Football: No SFA ban on tributes as Jambo boo boys are slated.
THE SFA last night insisted they would not scrap minute silences after a weekend of embarrassment at the National Stadium.
Both Scottish Cup semi-finals were marred by jeering during the mark of respect for Pope John Paul II.
And the behaviour of Hearts supporters in particular on Sunday provoked worldwide condemnation.
Newspapers across the globe slammed the large section of Tynecastle fans who booed and caused referee Stuart Dougal to cut short the minute by over 30 seconds.It is not the first time morons have wrecked a silent tribute to the dead but SFA spokesman Andy Mitchell is adamant Hampden bosses can't be held responsible for the actions of some fans.
He said: 'As was said last week, you can't make a categorical decision on these things. You make a valued judgment each time and sometimes you say yes, others you say no.
'They are very emotive and sometimes tragic circumstances. You have to take each one on its merit.
'At the end of the day when a famous footballers dies would you have a minute's silence? Some you do, some you don't. You have to take a valued judgment.
'That has always been the policy and will continue to be so.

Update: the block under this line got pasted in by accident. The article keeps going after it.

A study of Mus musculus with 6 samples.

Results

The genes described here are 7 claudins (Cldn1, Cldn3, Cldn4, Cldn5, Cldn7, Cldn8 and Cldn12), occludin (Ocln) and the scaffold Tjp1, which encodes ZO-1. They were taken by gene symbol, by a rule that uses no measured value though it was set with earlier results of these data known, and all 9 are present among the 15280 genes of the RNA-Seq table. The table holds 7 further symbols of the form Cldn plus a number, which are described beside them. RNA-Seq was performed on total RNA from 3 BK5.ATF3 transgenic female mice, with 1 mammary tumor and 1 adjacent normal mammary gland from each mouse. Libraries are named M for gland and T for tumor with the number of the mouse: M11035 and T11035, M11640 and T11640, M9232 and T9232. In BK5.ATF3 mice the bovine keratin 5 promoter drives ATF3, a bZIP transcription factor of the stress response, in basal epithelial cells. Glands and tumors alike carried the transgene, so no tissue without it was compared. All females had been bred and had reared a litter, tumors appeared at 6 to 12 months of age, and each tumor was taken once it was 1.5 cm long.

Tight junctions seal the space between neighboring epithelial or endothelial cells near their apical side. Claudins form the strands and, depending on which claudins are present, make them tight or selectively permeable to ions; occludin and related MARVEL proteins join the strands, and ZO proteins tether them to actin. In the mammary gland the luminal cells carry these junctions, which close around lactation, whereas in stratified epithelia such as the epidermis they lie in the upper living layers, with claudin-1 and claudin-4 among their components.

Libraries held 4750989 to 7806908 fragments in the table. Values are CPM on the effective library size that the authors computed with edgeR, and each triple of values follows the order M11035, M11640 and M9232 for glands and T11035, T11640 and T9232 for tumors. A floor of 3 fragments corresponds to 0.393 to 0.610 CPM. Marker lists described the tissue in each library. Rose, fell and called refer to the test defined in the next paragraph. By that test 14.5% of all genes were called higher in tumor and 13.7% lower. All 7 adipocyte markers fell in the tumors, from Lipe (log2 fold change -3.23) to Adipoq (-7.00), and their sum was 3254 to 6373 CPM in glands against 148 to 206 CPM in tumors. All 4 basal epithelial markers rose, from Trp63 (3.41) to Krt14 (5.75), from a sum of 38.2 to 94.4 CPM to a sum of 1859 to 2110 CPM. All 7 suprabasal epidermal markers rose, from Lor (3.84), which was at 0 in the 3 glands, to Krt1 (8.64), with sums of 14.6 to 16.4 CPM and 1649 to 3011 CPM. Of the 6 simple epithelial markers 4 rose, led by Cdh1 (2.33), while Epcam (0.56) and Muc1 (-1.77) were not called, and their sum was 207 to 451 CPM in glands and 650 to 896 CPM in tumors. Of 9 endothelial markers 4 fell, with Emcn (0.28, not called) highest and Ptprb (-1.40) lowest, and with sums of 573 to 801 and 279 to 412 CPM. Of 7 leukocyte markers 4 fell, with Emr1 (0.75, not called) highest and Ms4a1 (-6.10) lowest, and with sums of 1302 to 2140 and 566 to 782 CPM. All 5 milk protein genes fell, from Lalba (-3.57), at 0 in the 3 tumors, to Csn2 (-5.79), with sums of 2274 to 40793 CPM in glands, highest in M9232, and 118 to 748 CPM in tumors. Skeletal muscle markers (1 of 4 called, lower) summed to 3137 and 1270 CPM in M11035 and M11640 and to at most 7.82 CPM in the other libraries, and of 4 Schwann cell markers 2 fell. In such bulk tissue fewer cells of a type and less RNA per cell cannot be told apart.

'We are aware of the problems. That is why this minute's silence was discussed at board level.
'But you cannot prescribe how you will react to certain circumstances.'
Mitchell revealed the SFA were inundated with calls both for and against paying tribute to the Pope.
Scotland's football governing body agree to most requests but have turned down some - such as the Soham murders and the execution of Ken Bigley.
A minute's silence was observed at two SPL fixtures at the weekend - the games at Pittodrie and Dens Park. No club has requested a similar tribute for this week's matches.
Newspapers throughout the world highlighted the Hampden incident.
The New York Post's headline was 'Soccer Fans Boo Pontiff', while USA Today stated: 'Scottish Soccer Fans Jeer During Tribute to Pope.'
Italy's Tuttosport reported: 'Booing from Hearts fans for Pope', while the China Daily paper carried a story saying 'Scottish Fans Jeer Pope'. There was similar coverage in Canadian, Australian and South African papers.